Vue De Monde, take 3

What is it?

Shannon Bennett’s fine dining restaurant, Vue De Monde, that reopened last month in its new location: the 55th floor of the Rialto tower.

Visiting for dinner on Friday night, the experience began at ground level, where we were greeted by hosts who took our name and guided us to the dedicated elevator, decked out in dark mirrored surfaces sliced by the glow of bright LEDs dripping from the ceiling. Our ears popped slightly during the ascent, a gentle reminder of how high our destination was. Our reservation was for 7.30pm and, ordering the menu gastronome, we didn’t leave until well after midnight. The experience continued however into the next morning, when we awoke and prepared the gourmet breakfast items handed to the ladies in our group upon departure the night before.

What did we think?

To say Bennett has simply relocated his fine dining restaurant would be to undersell the accomplishment of the third iteration of Vue De Monde. This was no ordinary meal, it was a fully immersive experience of 15 courses, 5 bottles of wine and 1 spectacular view that transported us away from the everyday into a world refashioned in Bennett’s own image.

From the moment we entered the restaurant, it was clear to us that in rethinking his restaurant, Bennett has deconstructed each and every moment of the dining experience and rebuilt it from scratch. He greeted us himself as we walked past the open kitchen, his quietly-spoken, “Welcome to Vue De Monde,” somehow both thrilling and delightfully modest at the same time. There were no tablecloths on the darkly-glistening timber tables, just a collection of pebbles and twigs that were progressively utilised during the meal – some turned out to be hiding salt and pepper while others were used to support various items of cutlery. Our favourites were the rocks into which our Laguiole steak knives were housed – sliding them out at the start of a meat course made us all feel like the culinary equivalents of King Arthur. Though the bathrooms were equipped with the obligatory bottles of Aesop soap, we were encouraged not to use them. The water itself, collected in rainwater tanks on the rooftop, heavily salted and electrolysed to become mildly alkaline, did the soaps job for us.

Then there was the food… Oh, the food.

The Breakfast of Champions was an egg yolk stripped of its whites and cooked at 62 degrees for 34 minutes until perfectly molten. Placed on a bed of turnip mash, the yolk was reunited with its “whites” again. Ranged around the plate were tiny onion rings cooked in various ways – deep fried and crispy, crumbled and crunchy, roasted and sweet. Finally, Bennett arrived with a dark truffle that he shaved generously onto our plates. Eccentric yet somehow still homely.

The palette cleanser between entree and fish courses arrived as a small mortar filled with fresh herbs and leaves. A quick splash of liquid nitrogen was poured over the leaves, after which we each attacked them with a wooden pestle – the now brittle leaves crumbled quickly into dust. Finally, a dollop of cucumber sorbet was scooped into the mortar. Fresh, enlivening, playful.

The king of the meat courses comprised chunks of David Blackmore 9-score Wagyu beef accompanied by slivers of brilliant chestnut, radish and small piles of green garlic foam. The meat was impeccably cooked, seared around the edges and almost raw at the centre. But even those who were squeamish about such things sighed in pleasure – such high quality meat was not chewed, it melted of its own accord. Of note was the 2006 Vietti Castiglione Barolo that we ordered with it. A knockout wine to support a knockout dish.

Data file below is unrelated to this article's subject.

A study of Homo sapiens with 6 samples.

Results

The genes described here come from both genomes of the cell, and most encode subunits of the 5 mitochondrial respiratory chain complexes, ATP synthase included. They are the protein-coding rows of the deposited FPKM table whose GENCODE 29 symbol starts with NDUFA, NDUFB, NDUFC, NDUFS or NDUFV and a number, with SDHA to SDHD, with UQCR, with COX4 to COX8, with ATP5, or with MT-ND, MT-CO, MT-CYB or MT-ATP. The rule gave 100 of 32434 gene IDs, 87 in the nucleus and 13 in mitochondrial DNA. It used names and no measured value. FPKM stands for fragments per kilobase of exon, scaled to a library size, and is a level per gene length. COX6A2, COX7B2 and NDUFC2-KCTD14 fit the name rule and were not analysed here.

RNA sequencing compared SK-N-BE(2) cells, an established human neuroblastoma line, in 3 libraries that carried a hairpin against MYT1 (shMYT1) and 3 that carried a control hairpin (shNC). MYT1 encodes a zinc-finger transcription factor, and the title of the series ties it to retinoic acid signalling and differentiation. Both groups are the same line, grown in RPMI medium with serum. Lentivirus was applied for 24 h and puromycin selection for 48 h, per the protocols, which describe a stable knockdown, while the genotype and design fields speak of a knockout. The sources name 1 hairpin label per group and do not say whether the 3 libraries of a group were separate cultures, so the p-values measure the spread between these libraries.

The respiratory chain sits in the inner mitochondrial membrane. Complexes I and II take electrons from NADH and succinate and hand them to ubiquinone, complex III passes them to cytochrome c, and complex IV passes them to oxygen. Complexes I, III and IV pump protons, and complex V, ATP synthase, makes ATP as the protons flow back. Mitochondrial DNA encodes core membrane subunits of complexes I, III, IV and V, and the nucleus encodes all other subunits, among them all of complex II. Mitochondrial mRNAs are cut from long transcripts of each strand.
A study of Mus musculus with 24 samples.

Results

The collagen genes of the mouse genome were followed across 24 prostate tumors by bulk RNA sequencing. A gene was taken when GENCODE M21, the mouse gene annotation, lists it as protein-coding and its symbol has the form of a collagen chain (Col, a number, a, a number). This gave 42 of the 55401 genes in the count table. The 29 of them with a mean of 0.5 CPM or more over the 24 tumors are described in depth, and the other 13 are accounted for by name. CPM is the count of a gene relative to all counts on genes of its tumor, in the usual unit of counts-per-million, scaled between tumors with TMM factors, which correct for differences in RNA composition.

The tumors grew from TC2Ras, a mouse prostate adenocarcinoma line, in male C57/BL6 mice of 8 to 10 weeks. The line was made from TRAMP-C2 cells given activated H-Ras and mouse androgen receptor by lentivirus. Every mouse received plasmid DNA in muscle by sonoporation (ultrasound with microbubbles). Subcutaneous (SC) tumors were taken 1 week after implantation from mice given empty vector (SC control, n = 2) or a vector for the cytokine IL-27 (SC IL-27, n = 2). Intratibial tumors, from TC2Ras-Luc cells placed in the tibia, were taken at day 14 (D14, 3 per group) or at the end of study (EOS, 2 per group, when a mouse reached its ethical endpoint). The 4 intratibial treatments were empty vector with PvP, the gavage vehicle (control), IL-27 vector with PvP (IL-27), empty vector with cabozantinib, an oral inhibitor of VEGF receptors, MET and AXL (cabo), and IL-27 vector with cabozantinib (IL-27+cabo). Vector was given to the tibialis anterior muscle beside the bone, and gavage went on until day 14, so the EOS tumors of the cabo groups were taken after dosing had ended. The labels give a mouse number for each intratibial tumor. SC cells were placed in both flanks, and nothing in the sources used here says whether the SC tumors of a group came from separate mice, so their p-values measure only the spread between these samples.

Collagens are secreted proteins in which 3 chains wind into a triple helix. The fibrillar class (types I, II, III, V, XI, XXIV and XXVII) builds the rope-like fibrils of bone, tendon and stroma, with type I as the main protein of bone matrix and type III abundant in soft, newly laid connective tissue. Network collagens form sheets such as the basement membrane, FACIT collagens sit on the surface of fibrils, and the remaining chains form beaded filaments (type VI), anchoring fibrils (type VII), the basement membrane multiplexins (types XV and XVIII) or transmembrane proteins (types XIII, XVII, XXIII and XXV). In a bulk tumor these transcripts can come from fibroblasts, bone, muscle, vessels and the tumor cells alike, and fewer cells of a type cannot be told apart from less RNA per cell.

Of the four dessert courses, the toffee apple was the most fun. Apple sorbet covered in soft toffee was a surprise to bite into, expecting as were a sickly sweet, crunchy outer shell and room-temparature apple heart. Accompanying it was a tall shot glass of homemade lemonade bubbling away with a cube of dry ice in the bottom and dustings of popping candy. Cue immediate transportation back to our collective childhoods.

What did we learn?

We have now had the pleasure of dining 3 times at Vue De Monde, once at each of its incarnations: at the unassuming, dramatic and theatrical Faraday Street address; at the Little Collins Street location that swapped bistro for lounge, timber chairs for leather couches and theatre for efficiency; and now here, at the very top of the Rialto Building. What was most enjoyable about this third experience was the bevy of contrasts that, despite their inherent contradictions, were balanced expertly at every turn.

The venue for the restaurant speaks of both Melbourne’s history and Bennett’s visionary approach to cuisine. The grandness of the view and the occasion are offset however by his modesty – quietly spoken, surprisingly humble, keenly interested in the impact he has on the environment. His maturity as a chef and restaurateur sit easily with a playful approach to eating that reveals itself in both process and flavours. The food itself combines remarkable complexity and delightful simplicity, so despite the obvious effort dedicated to each dish, their presentation appears loose, even casual.

The experience was impressive, indulgent, exquisite and immeasurably memorable. Such a masterful restaurant is without doubt possible only because of Bennett’s courage and vision. Perched at 236.1m above sea level, atop one of Melbourne’s tallest and most famous skyscrapers, the restaurant is aptly named. That said, it is hard to choose between such an extraordinary view of the world and an equally magnificent one inwards – towards the kitchen of Vue De Monde, take 3, and a culinary genius at work. This is Bennett’s best effort yet, five stars.